Three Things I Learned From My First Gaming Stream

Be comfortable, be yourself, and enjoy the ride

Three Things I Learned From My First Gaming Stream
Photo by Hitesh Choudhary (Pexels).

My husband started streaming on Twitch about a month ago, playing mostly nostalgic action RPG Dark Cloud 2 using a PlayStation emulator on his PC. We decided early on that we wanted to do a “husband and wife” stream at least once a week on Saturdays playing co-op games.

We decided to start with It Takes Two. It’s an action-adventure platformer where a man and woman - who are in the midst of getting a divorce - get turned into dolls and have to find their daughter to change them back. It’s fast-paced and full of puzzles that require a lot of teamwork. Perfect for newlyweds to play together!

We’d been wanting to play the game for a while anyway, so we figured what better opportunity to play than on stream so our friends and family can watch too.

April 2nd was our first newlywed stream and while I’m not completely converted to a full-time streamer just yet, it was a lot of fun and I learned a few things that I wasn’t expecting.

You’re (probably) going to be self-conscious

Unless you have the highest self-esteem and have never once thought you looked ugly, you are probably going to feel a little self-conscious being on camera and playing a game for the first time.

I was freaking out about what to wear, how to do my hair and makeup, and even what I should have to drink so I didn’t look stupid on camera. I ended up wearing a button-up shirt that I love, wearing my hair pinned back, fun makeup and drinking green tea.

It didn’t matter that I was wearing clothes and makeup that I felt good about off-camera; the MOMENT we went live, I felt on display and like I didn’t look right. I fiddled with my hair and fidgeted in my seat for two and a half hours.

And you know what? No one cares what I was wearing. Everyone that popped into chat was just interested in watching us play the game and commentate.

You’re probably going to be self-conscious during the stream, so what does it matter what you wear or look like? You’re there to play a game for a few hours, so wear something comfy and remember that everyone is there to watch you play, not pick apart your appearance.

In all three of our subsequent couple streams, I’ve worn a sweatshirt or t-shirt and my hair up. Better for me to be comfortable than not when gaming.

Staying in the frame is harder than I thought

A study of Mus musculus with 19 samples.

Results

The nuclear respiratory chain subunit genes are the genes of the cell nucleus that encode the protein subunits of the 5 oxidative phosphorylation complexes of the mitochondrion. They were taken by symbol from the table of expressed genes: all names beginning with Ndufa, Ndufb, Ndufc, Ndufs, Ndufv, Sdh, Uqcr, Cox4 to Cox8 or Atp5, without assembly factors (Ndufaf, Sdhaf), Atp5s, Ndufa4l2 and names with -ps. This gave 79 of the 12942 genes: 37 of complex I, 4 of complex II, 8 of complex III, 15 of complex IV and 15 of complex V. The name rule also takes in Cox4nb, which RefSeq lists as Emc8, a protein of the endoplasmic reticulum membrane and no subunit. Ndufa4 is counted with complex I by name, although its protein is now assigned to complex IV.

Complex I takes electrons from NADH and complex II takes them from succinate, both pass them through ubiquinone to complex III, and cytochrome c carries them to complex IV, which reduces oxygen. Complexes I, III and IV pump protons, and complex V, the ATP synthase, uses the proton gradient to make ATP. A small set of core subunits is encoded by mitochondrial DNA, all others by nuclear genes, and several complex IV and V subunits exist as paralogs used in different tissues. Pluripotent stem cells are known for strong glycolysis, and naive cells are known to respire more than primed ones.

I really thought this would be easy. We set up the camera angle and our chairs in exactly the right way so that we would be centered and in the frame before going live. So how come not ten minutes into our stream, I was halfway off-screen?

Usually my husband streams alone, but now there were two of us trying to stay in the frame properly. It made things more challenging; not impossible, but certainly a tad annoying.

The camera he uses will track faces so that the person is in the center. But what happens when there are two faces? Chaos. The camera couldn’t decide which of us to focus on so it went back and forth a little. Again, it doesn’t really matter because the main idea was for viewers to watch our game. But it was a little frustrating.

Even without camera glitches, I move around a lot when sitting down. I cannot for the life of me sit still. I always fidget and shift my weight and cross and uncross my legs a million times to try and be comfortable. That doesn’t help with the camera angles either.

I try to sit mostly still but what can you do? You do your best to stay in frame, but for the most part, our audience didn’t seem too bothered by it.

There are not as many awkward silences as you’d expect

I was really nervous about filling up empty or quiet spaces during gameplay. When I play video games, often I’ll have the TV on in the background or I’ll listen to a podcast while I play. I don’t make it a habit to speak out loud when I’m by myself playing a game.

But the silences were few and far between. Not only do we typically have a good chat going during the live stream, but I also have my husband there as a buffer. Not everyone has a partner while streaming, but it definitely helped me with any quietness.

Our dog had to go outside in the middle during the first stream. Usually, when my husband is streaming by himself, I can take care of the dog without him needing to stop. But when we are both there, we need to take a break. He has a “Be Right Back” screen but I wanted to stay and chat for the couple of minutes he’d be gone.

We had just gotten a raid (which is always exciting) and I wanted to introduce the channel to them. I thought I would have some trouble thinking of what to say on the fly, but I just answered a couple of questions and talked about what we normally play.

Sometimes there isn’t anything to say, but the game speaks for itself. It Takes Two is a heavy story-based platformer that doesn’t really need a lot of commentary because it carries itself. Other games we’ve played since (such as Super Monkey Ball) are more casual and we can chat more. It’s all relative.

I like being in the background of my husband’s streams. I like being in chat and using his emotes and watching him play. But being on camera is another side of that, and I have been having a lot of fun.

I was nervous at first but now after a couple of streams, I feel much more comfortable on camera and as a player. That first leap is the hard part, but everything else comes naturally.